Surviving the Holiday Season with Arthritis


The holidays are a busy, and often overwhelming, time of year. Visiting relatives, attending parties, shopping, wrapping gifts, baking and other tasks can lead to packed social calendars and endless to-do lists. Add pain, fatigue, depression and other symptoms to the mix and people with arthritis can face hurricane-level flare ups.

Thankfully, Arthritis Research Canada’s Patient Advisory Board (APAB) has some tips to help those with arthritis enjoy the holiday season.

1. Make a list

We often fail to add up our holiday obligations until our bodies collapse from fatigue. Take time to write a to‐do list. Include all events you are scheduled to attend and any obligations related to attending those events – from shopping to cleaning, to decorating, baking, and entertaining.

Once your list is complete, plan your activities ahead of time and omit or simplify lower priority tasks depending on your own personal health challenges. Accept your limitations and exercise your ability to delegate tasks to others. People are often delighted to help if you ask.

2. Send your regrets!

Are you worried that you have too many holiday events in your calendar? Are you concerned that these holiday commitments may bring on an arthritis flare? If so, learn to say no.

Keep the amount of entertaining you do over the holiday season to a minimum. One of our APAB members decided not to attend a friend’s holiday party and, instead, scheduled a get-together in January. “I sent my regrets with an invitation for a dinner in January … my girlfriend understood and we had a great visit in January discussing our holiday adventures.”

3. KISS – Keep it simple silly!

It can be difficult to decide to make things simple – especially if you are someone who enjoys doing things yourself. Here’s how you can simplify holiday responsibilities:


  • Formal dinner parties can be a lot of work. Instead, invite guests for a dessert/appetizer evening. If your arthritis has you exhausted by evening, host a lunch or brunch or go to a restaurant.
  • A house filled with decorations can be festive, but so can a simply decorated room. What makes a room special are not holiday trappings and tinsel, but the people who gather there.
  • Host a (low‐key) tree‐decorating get‐together. Serve store‐bought cookies with eggnog and invite family and friends over to help you decorate!
  • Inexpensive gift bags purchased from the dollar store are an easy alternative to wrapping gifts.
  • Take the hard work out of cleaning by hiring a cleaning company. Remember to reserve as soon as possible; there is much demand for this service over the holidays.
  • Ask high school or university students to help you clean the house. They will appreciate the extra money.

4. Break with family traditions

You don’t have to do it all! If you usually host the big holiday dinner or bake most of the family’s goodies, it might be time for a change. Talk to your family and tell them you are breaking with tradition, and explain why. Here are a few changes APAB members have made that you may find helpful:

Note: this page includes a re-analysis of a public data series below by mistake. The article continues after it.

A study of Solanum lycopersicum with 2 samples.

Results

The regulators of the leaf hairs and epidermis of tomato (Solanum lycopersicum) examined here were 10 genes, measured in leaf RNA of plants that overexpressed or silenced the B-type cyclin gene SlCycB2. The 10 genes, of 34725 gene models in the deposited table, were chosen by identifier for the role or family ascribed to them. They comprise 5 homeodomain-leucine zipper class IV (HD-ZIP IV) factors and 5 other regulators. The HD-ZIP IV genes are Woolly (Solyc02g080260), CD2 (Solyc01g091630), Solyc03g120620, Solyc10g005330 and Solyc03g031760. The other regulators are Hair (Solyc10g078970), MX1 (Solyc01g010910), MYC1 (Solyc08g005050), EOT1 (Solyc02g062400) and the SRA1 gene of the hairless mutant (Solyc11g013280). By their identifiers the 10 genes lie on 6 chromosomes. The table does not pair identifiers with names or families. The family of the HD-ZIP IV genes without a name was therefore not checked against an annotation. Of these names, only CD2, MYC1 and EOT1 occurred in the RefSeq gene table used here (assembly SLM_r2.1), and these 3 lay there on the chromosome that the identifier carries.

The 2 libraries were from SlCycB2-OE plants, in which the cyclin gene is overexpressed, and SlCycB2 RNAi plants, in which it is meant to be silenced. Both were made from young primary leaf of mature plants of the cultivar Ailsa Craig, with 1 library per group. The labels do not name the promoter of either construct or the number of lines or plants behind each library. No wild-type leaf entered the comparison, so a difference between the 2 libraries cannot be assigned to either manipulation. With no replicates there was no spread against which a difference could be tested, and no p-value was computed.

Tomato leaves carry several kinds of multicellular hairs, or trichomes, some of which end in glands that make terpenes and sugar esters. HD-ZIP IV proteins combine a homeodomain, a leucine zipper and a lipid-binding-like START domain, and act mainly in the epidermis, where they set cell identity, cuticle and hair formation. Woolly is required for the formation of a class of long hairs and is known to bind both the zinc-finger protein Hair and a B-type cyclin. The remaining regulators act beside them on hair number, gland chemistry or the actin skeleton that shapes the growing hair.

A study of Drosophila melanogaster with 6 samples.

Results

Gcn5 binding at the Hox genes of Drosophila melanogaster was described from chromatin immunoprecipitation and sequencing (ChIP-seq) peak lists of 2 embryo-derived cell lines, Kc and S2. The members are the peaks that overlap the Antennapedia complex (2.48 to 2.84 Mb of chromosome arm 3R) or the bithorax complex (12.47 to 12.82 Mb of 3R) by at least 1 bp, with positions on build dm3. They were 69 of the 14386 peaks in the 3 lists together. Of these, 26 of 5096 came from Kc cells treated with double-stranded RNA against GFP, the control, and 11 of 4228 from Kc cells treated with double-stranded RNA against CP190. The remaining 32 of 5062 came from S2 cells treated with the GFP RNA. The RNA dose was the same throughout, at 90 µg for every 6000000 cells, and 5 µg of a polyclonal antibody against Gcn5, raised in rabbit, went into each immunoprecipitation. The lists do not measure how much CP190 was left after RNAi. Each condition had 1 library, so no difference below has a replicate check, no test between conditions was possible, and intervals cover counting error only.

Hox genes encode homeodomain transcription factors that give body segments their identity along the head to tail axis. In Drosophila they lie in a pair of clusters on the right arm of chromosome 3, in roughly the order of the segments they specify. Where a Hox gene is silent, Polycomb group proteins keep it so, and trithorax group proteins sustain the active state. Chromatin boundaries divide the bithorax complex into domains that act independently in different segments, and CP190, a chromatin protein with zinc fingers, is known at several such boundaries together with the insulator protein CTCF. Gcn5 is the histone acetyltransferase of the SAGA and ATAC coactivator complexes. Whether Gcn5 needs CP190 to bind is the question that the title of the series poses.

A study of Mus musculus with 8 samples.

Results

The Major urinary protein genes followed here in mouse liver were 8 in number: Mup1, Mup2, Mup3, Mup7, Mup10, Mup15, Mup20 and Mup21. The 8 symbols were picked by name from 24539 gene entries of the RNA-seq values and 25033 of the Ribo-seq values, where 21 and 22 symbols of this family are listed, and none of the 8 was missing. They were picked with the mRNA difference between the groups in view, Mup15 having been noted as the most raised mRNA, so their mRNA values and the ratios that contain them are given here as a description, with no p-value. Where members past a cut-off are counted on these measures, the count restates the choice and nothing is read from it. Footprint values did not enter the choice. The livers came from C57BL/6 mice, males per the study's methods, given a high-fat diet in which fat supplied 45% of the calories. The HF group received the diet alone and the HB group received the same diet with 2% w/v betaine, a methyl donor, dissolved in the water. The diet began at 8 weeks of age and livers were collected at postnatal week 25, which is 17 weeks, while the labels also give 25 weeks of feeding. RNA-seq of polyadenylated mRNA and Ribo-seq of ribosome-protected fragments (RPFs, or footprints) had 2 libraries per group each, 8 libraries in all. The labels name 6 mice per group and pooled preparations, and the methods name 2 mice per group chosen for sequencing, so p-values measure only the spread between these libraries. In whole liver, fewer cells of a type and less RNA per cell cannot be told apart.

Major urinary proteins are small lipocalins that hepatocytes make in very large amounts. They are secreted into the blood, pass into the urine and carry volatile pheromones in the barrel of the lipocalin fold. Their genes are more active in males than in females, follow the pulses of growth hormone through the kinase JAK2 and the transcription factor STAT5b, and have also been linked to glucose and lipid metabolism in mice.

• Write a list of cooking tasks and delegate those tasks.
  • Host a buffet‐style dinner where everyone contributes.
  • Simplify the menu. Do you really need all those appetizers?
  • Cook dishes that can be frozen ahead to save time.
  • Ask someone else to host the family event this year.
  • Consider a cookie exchange with family members and friends.
  • Buy baked goods from local bakeries or grocery stores.
  • Instead of a baking marathon, spread it out over time and enjoy each moment of preparation by inviting a friend or family member to help.

5. Take the “pain” out of holiday shopping!

It’s hugely satisfying to give someone you care about the perfect gift. But planning is key to a low-stress shopping experience.


  • Shop online – it’s easy and many stores and websites give you the option of wrapping and shipping your gift directly to recipients. Just make sure to check delivery dates to ensure your gift will arrive on time.
  • Give gift certificates from the recipient’s favourite store. Not only are they easy to wrap, recipients will have fun after the holidays picking out exactly what they want.
  • When possible, don’t venture out into the cold before you have called the stores you plan to visit to check on the availability of items.
  • If you have a large circle of friends or family to buy for, have adults draw a name and buy a present only for the person whose name they’ve drawn.

And remember, taking care of your health through good nutrition, restorative rest and exercise will ensure you get the most out of this joyous time of year!

For more advice on how to cope with the everyday challenges of life with arthritis, read through Arthritis Research Canada’s Arthritis Lifestyle Management Guide.